Strong mortgage demand in key markets fuels First Republic profits

For all the worry about hollowed-out cities in the wake of the pandemic and shifts to remote work, First Republic sees continued vibrancy and solid loan demand in its home base of San Francisco as well as key markets such as Manhattan and Boston.

“Interestingly enough, the demise of the center city has been very prematurely announced,” Chairman and Co-CEO James Herbert said Wednesday during an earnings call. “The activity in the center city — San Francisco, New York, Boston — I would say that the core of the cities is, in fact, quite strong.”

Major cities are also fertile ground for wealth management assets, a source of ongoing strength and a key driver of third-quarter earnings, the bank said. This reflected a “strong stock market as well as quite strong client inflows from both existing and new clients,” President and co-CEO Hafize Erkan said on the call.

The $172.6 billion-asset regional bank generated robust growth in loans and wealth management assets in the third quarter, driving double-digit gains in revenue and net income.

“The demise of the center city has been very prematurely announced. The activity in the center city — San Francisco, New York, Boston — I would say that the core of the cities is, in fact, quite strong,” James Herbert, chairman and co-CEO of First Republic, said in an earnings call.

Jamey Stillings

This was boosted by single-family home loans in the affluent Bay Area and other major markets, though First Republic also reported gains in multifamily and commercial real estate lending. Business loans and credit-line commitments rose 31% from a year earlier. Fueled by lending activity, net interest income rose 27% to $1.1 billion. Loans rose 23% to $128.4 billion.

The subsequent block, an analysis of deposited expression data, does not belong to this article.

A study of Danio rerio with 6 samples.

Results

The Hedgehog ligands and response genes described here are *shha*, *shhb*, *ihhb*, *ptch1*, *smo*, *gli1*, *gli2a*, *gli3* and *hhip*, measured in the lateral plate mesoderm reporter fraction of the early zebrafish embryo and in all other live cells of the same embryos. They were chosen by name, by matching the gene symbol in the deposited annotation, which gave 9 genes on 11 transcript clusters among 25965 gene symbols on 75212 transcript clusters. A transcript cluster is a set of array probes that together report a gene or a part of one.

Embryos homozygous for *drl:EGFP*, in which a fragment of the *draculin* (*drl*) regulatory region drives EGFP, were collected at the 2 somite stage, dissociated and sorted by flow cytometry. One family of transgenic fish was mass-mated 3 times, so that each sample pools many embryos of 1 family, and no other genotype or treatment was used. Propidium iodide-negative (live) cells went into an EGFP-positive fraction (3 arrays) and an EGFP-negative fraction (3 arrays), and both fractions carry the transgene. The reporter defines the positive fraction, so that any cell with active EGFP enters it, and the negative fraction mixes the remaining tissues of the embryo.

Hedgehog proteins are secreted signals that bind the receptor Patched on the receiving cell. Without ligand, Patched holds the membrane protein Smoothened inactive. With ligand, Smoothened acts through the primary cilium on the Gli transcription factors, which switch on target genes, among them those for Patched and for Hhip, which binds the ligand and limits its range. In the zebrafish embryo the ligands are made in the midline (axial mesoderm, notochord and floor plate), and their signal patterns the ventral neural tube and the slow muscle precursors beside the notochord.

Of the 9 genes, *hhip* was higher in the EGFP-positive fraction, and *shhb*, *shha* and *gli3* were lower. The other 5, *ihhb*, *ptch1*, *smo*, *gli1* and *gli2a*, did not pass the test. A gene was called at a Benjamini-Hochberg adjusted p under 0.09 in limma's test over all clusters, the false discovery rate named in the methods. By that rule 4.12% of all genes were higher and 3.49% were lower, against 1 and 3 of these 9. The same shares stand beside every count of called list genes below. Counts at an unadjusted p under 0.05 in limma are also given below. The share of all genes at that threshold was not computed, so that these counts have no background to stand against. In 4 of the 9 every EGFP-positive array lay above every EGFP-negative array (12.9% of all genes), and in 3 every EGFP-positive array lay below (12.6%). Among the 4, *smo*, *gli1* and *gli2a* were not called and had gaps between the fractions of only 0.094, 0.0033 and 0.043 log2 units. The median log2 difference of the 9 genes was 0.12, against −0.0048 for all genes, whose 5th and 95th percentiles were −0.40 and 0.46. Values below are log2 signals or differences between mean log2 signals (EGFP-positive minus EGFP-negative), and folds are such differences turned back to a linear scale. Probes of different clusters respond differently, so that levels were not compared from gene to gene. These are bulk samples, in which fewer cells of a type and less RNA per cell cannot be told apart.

Large office centers and traditional corners of retail are recovering slowly, but that sluggishness is more than offset by other areas of CRE, high-end homebuying and multifamily loan demand, Herbert said.

“Multifamily values are stabilized at good levels — high levels — and rents and vacancy are stabilizing,” he said. “There’s also a fair amount of new multifamily activity going on, which I think the country definitely needs. So we’re seeing a pickup.”

While equity market strength played a notable role, First Republic said a hiring effort helped drive a surge in its wealth management business. “Those are highly specialized folks, and we have conversations going on at all times,” Herbert said.

Third-quarter wealth management assets jumped 50% from a year earlier to $251.7 billion. The bank said it has hired nine new wealth management teams this year, including one in the third quarter and another this quarter.

“We take extremely good care of our existing clients, and we don’t lose them, and they compound and grow,” Herbert said. “Also, they refer their friends and the more happy clients you have, you’re going to get referrals. … This adds to the compounding or network effect of the franchise.”

First Republic posted third-quarter net income of $369.7 million, up 26% from a year earlier, on revenue of $1.3 billion, up 30%. It reported earnings per share of $1.91, compared with $1.61 a year earlier. The median of a FactSet poll of analysts was $1.84 a share.

The bank’s strong loan growth was fueled by deposit growth of 39% from a year earlier to $145.3 billion. The influx of cash balances pinched the margin between what the bank pays for deposits and earns in interest income on loans.

Its net interest margin narrowed by 6 basis points from a year earlier to 2.65%. The bank said loan volume has eased margin pressure, but NIM contraction remains a wild card given uncertainty about the future of interest rates. Federal Reserve policymakers pushed short-term rates to near zero after the coronavirus became a pandemic in 2020, and they have kept rates low since.

First Republic’s credit quality, meanwhile, remained solid. Nonperforming assets were only 7 basis points of total assets, down from 11 basis points a year earlier. The bank recorded a provision for credit losses of $34 million to cover loan growth.